Me and the Boys

Forget the Linen Closet: The Perpetually Pregnant Law Student

I was eight and a half months pregnant with our second child when I started law school.  And I was terrified.

 Add that to the fact that I was wait-listed and only allowed into the school three weeks before classes started, I did not feel like I belonged there. Needing reassurance, I called up the Dean of Student Services the day before orientation to inform her of my condition. (Translation: Is it actually okay for pregnant women to come to law school?)  My inquiry must have sounded something like, "I'm pregnant.... orientation.... due date..... um....?" The Dean, being a very kind woman, asked if I thought I would go into labor before orientation and would not be able to make it. Otherwise, she reassured me that it would not be a problem. Even taking time off to give birth would be just fine. (Oh, good.)

After I started classes, I realized that there were two other pregnant ladies in my class and that several women had been pregnant law students in the classes before me. In fact, my situation was not that spectacular. (Sigh of Relief!)

Because having this baby was imminent, I met with each of my professors individually to discuss how much class I would have to miss and how much time I would have to make up the work.

I was slow getting around and up the stairs, which made me late to a few classes.  I had to leave class a few times for much-needed bathroom breaks.  Sitting for hours in the hard plastic chairs was difficult, especially when the little guy inside me would settle underneath my ribs and push for more room. And, it being August in New Mexico, I was always, always hot.

Luckily (this time) the difficulties of being pregnant only lasted for my first two weeks of law school. I went into labor on a Tuesday, gave birth to my 10 lb. 7oz. baby boy and was able to rest over Labor Day Weekend before returning to school a week later.  My husband stays at home and was ready for the hand-off when I had to go back to school.  I even ended up making honor roll that semester.

Fast forward to August of my third year.

A few weeks after starting classes that year, I discovered that I was pregnant again. This time, I would get the mixed blessing of being pregnant during my entire last year of law school, with my due date coinciding with finals week.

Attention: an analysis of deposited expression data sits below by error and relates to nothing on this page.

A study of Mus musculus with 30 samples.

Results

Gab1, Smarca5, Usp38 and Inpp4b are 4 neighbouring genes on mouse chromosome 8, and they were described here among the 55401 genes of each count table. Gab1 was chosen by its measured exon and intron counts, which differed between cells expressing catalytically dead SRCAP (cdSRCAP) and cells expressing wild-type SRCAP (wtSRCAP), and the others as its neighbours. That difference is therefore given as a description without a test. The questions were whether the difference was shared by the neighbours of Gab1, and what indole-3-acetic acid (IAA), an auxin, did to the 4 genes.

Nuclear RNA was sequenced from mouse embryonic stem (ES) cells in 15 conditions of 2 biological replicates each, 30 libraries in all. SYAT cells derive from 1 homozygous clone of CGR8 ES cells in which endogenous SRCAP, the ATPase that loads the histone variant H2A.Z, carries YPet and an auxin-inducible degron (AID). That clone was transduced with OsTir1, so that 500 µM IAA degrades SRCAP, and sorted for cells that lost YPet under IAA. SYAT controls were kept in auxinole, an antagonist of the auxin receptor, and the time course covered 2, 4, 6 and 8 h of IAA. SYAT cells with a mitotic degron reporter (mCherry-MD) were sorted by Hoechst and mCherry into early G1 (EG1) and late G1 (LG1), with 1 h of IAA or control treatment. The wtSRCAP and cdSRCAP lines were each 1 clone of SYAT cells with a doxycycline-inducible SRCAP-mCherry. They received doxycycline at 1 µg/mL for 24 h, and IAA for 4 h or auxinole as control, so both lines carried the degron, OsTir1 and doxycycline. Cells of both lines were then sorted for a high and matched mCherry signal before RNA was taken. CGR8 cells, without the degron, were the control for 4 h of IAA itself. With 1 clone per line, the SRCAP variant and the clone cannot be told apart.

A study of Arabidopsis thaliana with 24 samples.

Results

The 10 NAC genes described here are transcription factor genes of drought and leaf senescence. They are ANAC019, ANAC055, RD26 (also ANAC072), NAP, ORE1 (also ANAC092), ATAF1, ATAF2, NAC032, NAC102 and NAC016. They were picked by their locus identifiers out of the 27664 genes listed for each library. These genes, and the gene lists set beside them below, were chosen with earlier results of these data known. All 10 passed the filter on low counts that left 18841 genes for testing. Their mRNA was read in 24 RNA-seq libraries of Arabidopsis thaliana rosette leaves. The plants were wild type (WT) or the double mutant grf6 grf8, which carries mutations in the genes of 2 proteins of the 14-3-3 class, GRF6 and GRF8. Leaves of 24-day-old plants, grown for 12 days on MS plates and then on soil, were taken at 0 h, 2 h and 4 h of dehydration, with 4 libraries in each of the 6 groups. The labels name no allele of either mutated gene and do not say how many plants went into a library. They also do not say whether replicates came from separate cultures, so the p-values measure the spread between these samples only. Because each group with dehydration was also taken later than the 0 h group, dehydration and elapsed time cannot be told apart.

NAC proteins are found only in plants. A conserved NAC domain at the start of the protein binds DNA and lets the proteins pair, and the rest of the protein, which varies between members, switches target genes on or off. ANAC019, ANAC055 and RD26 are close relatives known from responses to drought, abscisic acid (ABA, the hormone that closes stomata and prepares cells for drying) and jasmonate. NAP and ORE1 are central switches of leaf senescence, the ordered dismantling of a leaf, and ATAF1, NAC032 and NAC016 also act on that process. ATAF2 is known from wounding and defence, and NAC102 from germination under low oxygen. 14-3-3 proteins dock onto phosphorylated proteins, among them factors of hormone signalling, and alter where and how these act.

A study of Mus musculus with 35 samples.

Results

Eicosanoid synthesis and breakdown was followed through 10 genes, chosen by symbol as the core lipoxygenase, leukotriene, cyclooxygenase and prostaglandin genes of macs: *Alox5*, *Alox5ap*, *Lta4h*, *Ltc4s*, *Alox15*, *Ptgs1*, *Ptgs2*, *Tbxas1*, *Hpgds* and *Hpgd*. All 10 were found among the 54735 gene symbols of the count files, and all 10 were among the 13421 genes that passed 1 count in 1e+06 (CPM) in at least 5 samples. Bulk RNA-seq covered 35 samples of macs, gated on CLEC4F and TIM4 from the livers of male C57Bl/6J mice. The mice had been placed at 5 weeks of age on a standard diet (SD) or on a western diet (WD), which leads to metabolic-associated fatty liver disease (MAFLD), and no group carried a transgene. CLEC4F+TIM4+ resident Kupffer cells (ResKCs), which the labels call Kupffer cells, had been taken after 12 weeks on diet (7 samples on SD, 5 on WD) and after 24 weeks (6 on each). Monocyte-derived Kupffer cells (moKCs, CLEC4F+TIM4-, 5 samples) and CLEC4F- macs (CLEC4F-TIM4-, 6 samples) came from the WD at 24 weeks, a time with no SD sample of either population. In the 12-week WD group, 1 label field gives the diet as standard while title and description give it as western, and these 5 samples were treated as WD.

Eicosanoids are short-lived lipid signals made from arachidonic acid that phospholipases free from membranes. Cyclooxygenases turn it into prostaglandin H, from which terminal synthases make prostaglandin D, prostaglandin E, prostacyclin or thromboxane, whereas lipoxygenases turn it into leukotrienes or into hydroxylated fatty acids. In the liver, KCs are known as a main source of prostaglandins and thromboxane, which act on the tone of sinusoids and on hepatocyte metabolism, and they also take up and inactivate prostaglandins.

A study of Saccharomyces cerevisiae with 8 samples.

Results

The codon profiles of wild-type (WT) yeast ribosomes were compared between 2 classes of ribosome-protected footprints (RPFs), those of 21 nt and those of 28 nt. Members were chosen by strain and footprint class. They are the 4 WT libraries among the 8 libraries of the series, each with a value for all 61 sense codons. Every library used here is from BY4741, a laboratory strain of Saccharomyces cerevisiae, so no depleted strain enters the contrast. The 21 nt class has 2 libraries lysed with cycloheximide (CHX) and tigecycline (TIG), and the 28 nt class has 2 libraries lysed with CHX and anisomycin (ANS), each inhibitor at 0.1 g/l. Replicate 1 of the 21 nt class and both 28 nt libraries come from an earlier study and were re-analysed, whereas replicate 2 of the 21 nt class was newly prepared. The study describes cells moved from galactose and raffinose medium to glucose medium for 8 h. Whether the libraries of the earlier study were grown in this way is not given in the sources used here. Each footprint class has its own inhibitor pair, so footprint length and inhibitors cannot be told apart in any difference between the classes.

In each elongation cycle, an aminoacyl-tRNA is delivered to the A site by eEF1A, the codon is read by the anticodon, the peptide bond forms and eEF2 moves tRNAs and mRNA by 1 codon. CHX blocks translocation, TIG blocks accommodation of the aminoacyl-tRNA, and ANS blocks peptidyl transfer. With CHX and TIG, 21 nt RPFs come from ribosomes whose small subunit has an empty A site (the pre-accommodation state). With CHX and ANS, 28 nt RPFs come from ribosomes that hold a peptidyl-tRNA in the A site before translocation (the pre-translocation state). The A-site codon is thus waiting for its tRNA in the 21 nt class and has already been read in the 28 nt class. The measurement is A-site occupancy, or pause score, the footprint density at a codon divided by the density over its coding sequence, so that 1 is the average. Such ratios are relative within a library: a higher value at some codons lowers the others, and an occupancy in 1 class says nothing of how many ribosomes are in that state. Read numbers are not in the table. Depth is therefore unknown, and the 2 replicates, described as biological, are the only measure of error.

I had the baby a few weeks early, took my finals, and was able to rest a few weeks before graduation and the beginning of bar review classes.  Long story short, I survived. And you can, too. 

Here's a Panic List for your reference in case you find yourself knocked up and in law school.

  • Wear comfortable shoes
  • Look into getting a backpack on wheels to avoid heavy lifting, if your reputation and sense of style can cope.
  • Bring healthy, quiet snacks to munch on during class.
  • Map out each classroom's nearest bathroom & aim for a seat near the door in each class.
  • Check your school's facilities:
  • Is there a breastfeeding/pumping room or a clean, quiet place that would work?
  • Are there changing tables in the bathrooms?
  • Is there a place where baby can cry that is out of the hearing of the classrooms?
  • Discuss your plan for maternity leave/ time off with each professor and with your Dean of Student Services. Find out policies on make-up work and missing classes.
  • Avoid missing classes unless you really need them - this will build clout with your professors and stave off the impression that you're milking your "condition" for all it's worth.
  • Try to schedule prenatal appointments for times when you don't have class.
  • Have a designated note-taker ready to take lecture notes during your absence. Better yet, ask two or three different people to do it simultaneously so that you don't miss anything.
  • Have someone on stand-by who can drive you to the hospital from school, in case of emergency.

 In short, the most helpful tool to surviving pregnancy and childbirth while in law school is having a plan, a back-up plan, and then planning for things not to go as planned.